Kiss Me, Guido
Uptown Theatre, starts Friday
In & Out
"COMING OUT" IS a sort of double-entendre for gay-themed movies. Not unlike other movies, gay movies come out--they get released, in other words--but exactly how they're released affects how they come out in the other sense.
Let's suppose you were preparing to come out--I mean, in that other sense. Assuming that you're seeking approval for coming out (and maybe you aren't), the way you choose to do it might depend on the size of your audience, their relationship to you, what kind of folks they are, and where you're addressing them. You might suppose that it would be easier to come out to a packed house of strangers at the Uptown Theatre than, say, at the Mall of America multiplex or the Village 4 in Coon Rapids. And what you had to say would probably mean something very different in each of these places. You may even decide to tailor your coming out to fit the venue. More likely, you'll have that decided for you.
All of this is a long way of saying that there are two gay-themed movies coming out this week--Kiss Me, Guido and In & Out--and, despite sharing the same studio (Paramount), the two have come out quite differently. (Note: Stop reading now if you don't wish to know how the films, er, come out.) Basically, where the wide-released In & Out credits small-town straight people with the courage to proclaim "I'm gay!", Kiss Me, Guido is a formerly independent comedy of mistaken (sexual) identity with a low enough budget not to care about "enlightening" the masses. Its own coming-out line is "I'm 100 percent U.S. Grade-A fuckin' queer"--spoken by a West Village gay man (Anthony Barrile) to his new Bronx-bred roommate, a Sicilian American "Guido" (Nick Scotti) who answered a classified ad thinking "GWM" meant "Guy With Money."
As these two men and some other unlike types form a pansexual rainbow coalition, the good-natured Guido succeeds in its bid to transform blatant stereotypes and prejudices (not all of them untrue or unfunny) into friendly quirks--and without preaching. In & Out, on the other hand, is a coming-out farce that culminates in a round of "I'm gay!" proclamations made by... a bunch of straight people. The scene is meant as a campy parody of the "I'm Spartacus!" routine from Spartacus, the persecuted rebel in this case being a gay high-school teacher (Kevin Kline) who dares to come out in small-town Indiana. But it clinches In & Out as the screwball Philadelphia, a movie that contorts itself in order to indulge the core audience's perceived homophobia and then whitewash it--in the process turning the protagonist into an asexual cipher.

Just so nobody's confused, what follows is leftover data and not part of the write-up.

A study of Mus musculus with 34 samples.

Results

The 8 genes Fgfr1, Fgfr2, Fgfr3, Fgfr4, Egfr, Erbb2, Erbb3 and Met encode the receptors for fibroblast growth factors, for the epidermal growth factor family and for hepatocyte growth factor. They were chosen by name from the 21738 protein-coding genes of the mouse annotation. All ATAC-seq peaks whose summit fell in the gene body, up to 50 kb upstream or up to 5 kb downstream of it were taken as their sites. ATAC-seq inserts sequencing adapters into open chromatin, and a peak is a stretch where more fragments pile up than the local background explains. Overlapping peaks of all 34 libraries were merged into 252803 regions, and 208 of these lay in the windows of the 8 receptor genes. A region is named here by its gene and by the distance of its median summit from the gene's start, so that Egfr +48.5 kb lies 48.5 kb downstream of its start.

At first, Kline's closeted and engaged Mr. Brackett goes nuts when a former student-turned-movie star (Matt Dillon) outs him at the Academy Awards (a situation adapted from Tom Hanks's Oscar-acceptance speech for Philadelphia). And who wouldn't? The guys at his bachelor party give him a laserdisc of Funny Girl; one of his students asks, "Don't you just wanna stick a grenade in your mouth?"; and a priest suggests that he screw his fiancée (Joan Cusack)--yes, before the wedding--in order to test whether he's, you know, a red-blooded male. But once an old disco tune has helped him out, the film displaces all comedic humiliation onto Cusack's pathetic bride-at-the-altar. (Ladies--just imagine her nightmare!) Then it lathers on the violin music as the teacher's Corn Belt dad (Wilford Brimley) summons the courage to accept that his son won't be cruising chicks anytime soon. Even for a comedy, this is every bit as unconvincing as it sounds.
Don't get me wrong: Enlightening the masses can be a great thing to want to do, even when it means casting has-been TV actors like Tom Selleck and Bob Newhart, with whom those masses can presumably relate. But In & Out plays much too safe even by multiplex standards. With just under 90 minutes to spend, director Frank Oz allocates more than half to his wanna-be "straight man"'s wacky anxiety. (Notably, Kiss Me, Guido never once identifies with Frankie's initial phobia.) Then there's the jilted fiancée's anxiety, then the bulimic supermodel's anxiety, and then the coming out en masse--leaving no time left to show that being gay (as opposed to being "gay") might be something like having a life.
So the film comes out to suit the venue--which in this case is hardly at all. In light of Oz's claim to The Advocate that "this is a movie about feeling good about who you are," it seems odd that In & Out's climactic wedding celebration is as straight as they come. And even though everyone's "gay," no one mentions what a drag it is that Mr. Brackett can't get legally hitched.